Hotels Race to Cuba

Marriott International Inc. Reports Second Quarter Earnings
A Marriott sign hangs at a hotel in Washington, D.C., U.S. on Wednesday, July 14, 2010. Marriott International Inc. is expected to release their second quarter earnings after the closing of the trading day today. Photographer: Andrew Harrer/Bloomberg via Getty Images
Photo by Andrew Harrer—Bloomberg—Getty Images

Good morning. I’m back from a week of skiing in Utah, and wondering whether next spring I should try a warmer spot – maybe Cuba? That’s where President Obama is this morning, along with Marriott CEO Arne Sorenson and AirBnb CEO Brian Chesky. The hospitality industry is clearly first in line to take advantage of new business opportunities on the island.

While a triumph for Obama, this has to be a bittersweet trip for Sorenson. On Friday, Starwood (HOT) snubbed the Marriott CEO by announcing it planned to accept a higher $13 billion bid to be acquired by Anbang Insurance of China, breaking its deal with Marriott (MAR). Sorenson has until March 28 to sweeten his offer. [As this CEO Daily was going to press, Marriott unveiled a larger bid on Monday].

Moreover, Starwood beat Marriott out of the gate in signing an agreement to manage three landmark hotels in Cuba, including the Hotel Inglaterra. Marriott also received approval from the Treasury to do business in Cuba, but Sorenson said “there is still work to do before any agreement is reached.” AirBnb, of course, beat both hoteliers: it already lists rentals in Cuba for U.S. travelers. Yesterday, it received approval to open listings to non-U.S. travelers as well.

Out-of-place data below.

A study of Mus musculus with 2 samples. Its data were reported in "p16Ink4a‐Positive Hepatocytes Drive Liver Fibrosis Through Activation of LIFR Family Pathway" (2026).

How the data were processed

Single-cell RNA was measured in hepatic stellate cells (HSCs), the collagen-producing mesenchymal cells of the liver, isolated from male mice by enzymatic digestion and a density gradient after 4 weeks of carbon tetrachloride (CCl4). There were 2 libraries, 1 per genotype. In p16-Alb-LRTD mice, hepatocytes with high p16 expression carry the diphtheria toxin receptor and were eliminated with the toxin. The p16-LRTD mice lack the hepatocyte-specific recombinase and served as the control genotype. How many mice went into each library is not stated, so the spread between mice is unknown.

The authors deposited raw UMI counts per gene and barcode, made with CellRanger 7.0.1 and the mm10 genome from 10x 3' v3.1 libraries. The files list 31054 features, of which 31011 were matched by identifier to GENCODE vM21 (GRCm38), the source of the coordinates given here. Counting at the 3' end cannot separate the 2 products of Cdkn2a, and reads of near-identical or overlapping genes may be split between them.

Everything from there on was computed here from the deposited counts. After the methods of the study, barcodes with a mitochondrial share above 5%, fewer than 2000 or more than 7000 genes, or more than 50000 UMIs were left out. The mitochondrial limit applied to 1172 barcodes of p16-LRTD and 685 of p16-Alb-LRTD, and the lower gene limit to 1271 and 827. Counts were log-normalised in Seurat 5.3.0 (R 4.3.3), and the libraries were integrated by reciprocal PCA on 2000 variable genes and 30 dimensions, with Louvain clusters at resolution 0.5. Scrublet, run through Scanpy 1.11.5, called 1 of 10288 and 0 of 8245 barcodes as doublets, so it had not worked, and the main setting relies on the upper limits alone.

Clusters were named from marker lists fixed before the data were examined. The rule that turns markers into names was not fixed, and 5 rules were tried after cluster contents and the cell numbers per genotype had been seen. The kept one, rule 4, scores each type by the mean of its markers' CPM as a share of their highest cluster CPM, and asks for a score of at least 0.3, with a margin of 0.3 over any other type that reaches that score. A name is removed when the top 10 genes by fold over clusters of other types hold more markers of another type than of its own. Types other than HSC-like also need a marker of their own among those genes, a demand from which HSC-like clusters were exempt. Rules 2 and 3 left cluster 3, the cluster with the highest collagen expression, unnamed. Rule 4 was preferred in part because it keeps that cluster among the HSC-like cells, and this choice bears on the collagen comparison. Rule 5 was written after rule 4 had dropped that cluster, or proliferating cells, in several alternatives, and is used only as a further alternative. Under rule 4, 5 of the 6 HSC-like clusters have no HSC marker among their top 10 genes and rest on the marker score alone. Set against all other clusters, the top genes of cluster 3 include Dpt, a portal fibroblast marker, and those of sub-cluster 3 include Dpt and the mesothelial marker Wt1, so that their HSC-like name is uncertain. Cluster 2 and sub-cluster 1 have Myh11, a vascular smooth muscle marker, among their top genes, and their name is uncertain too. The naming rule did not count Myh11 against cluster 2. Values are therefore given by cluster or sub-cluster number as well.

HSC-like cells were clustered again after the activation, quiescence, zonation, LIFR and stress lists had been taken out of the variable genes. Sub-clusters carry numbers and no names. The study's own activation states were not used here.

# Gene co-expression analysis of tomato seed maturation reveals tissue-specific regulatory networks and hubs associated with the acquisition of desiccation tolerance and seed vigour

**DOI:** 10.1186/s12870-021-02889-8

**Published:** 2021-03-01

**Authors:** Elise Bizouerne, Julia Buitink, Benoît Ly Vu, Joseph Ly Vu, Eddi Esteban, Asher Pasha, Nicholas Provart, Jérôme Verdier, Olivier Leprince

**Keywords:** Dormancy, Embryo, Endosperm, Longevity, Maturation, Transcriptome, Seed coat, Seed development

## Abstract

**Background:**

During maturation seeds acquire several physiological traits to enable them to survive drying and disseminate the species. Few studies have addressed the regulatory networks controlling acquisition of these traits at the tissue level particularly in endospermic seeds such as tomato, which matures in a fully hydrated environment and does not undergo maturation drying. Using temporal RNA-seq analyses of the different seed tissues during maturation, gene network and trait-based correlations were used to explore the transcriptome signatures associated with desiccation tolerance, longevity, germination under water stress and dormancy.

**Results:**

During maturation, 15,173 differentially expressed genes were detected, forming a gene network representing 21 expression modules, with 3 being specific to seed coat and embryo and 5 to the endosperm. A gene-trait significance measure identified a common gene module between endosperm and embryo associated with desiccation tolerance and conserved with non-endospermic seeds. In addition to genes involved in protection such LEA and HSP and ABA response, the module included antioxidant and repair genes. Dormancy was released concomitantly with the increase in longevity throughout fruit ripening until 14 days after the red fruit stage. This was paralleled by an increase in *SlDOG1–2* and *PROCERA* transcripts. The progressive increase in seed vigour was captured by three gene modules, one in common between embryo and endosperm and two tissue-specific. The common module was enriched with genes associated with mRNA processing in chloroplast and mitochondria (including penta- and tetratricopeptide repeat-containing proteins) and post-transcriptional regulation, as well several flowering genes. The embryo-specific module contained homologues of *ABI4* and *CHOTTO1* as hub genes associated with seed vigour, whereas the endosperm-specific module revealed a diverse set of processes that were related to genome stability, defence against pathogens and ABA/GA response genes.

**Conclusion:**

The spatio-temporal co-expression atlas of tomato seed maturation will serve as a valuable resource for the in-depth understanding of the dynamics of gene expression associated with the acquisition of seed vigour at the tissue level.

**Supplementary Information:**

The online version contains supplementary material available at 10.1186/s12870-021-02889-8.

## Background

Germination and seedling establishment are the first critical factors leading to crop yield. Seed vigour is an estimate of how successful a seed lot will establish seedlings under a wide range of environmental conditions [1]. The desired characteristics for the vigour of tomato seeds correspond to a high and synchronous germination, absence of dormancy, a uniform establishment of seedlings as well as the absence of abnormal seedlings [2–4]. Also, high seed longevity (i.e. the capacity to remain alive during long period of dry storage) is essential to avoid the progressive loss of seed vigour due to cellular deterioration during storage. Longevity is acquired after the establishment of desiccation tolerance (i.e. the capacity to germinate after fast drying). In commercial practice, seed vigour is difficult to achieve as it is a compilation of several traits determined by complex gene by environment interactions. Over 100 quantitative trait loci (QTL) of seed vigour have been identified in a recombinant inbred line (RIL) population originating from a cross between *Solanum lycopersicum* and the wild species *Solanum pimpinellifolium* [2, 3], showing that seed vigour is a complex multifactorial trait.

Also on the Cuba trip : Paypal (PYPL) CEO Dan Schulman, who is trying to turn the former eBay unit into a global payments platform, and Xerox (XRX) CEO Ursula Burns.



Separately, my colleague Pattie Sellers has gotten a first look at Erin Callan’s new book, Full Circle, A memoir of leaning in too far and the journey back. Remember Callan? She was the CFO of Lehman Brothers before it collapsed in 2008. The book recounts how Callan tried to commit suicide on Christmas Eve of 2008, shortly after her ouster. Sellers says the book is a kind of counterpoint to Sheryl Sandberg’s Lean In, which urges women to be confident in pursuing their careers. Callan’s book warns of the dangers of overconfidence.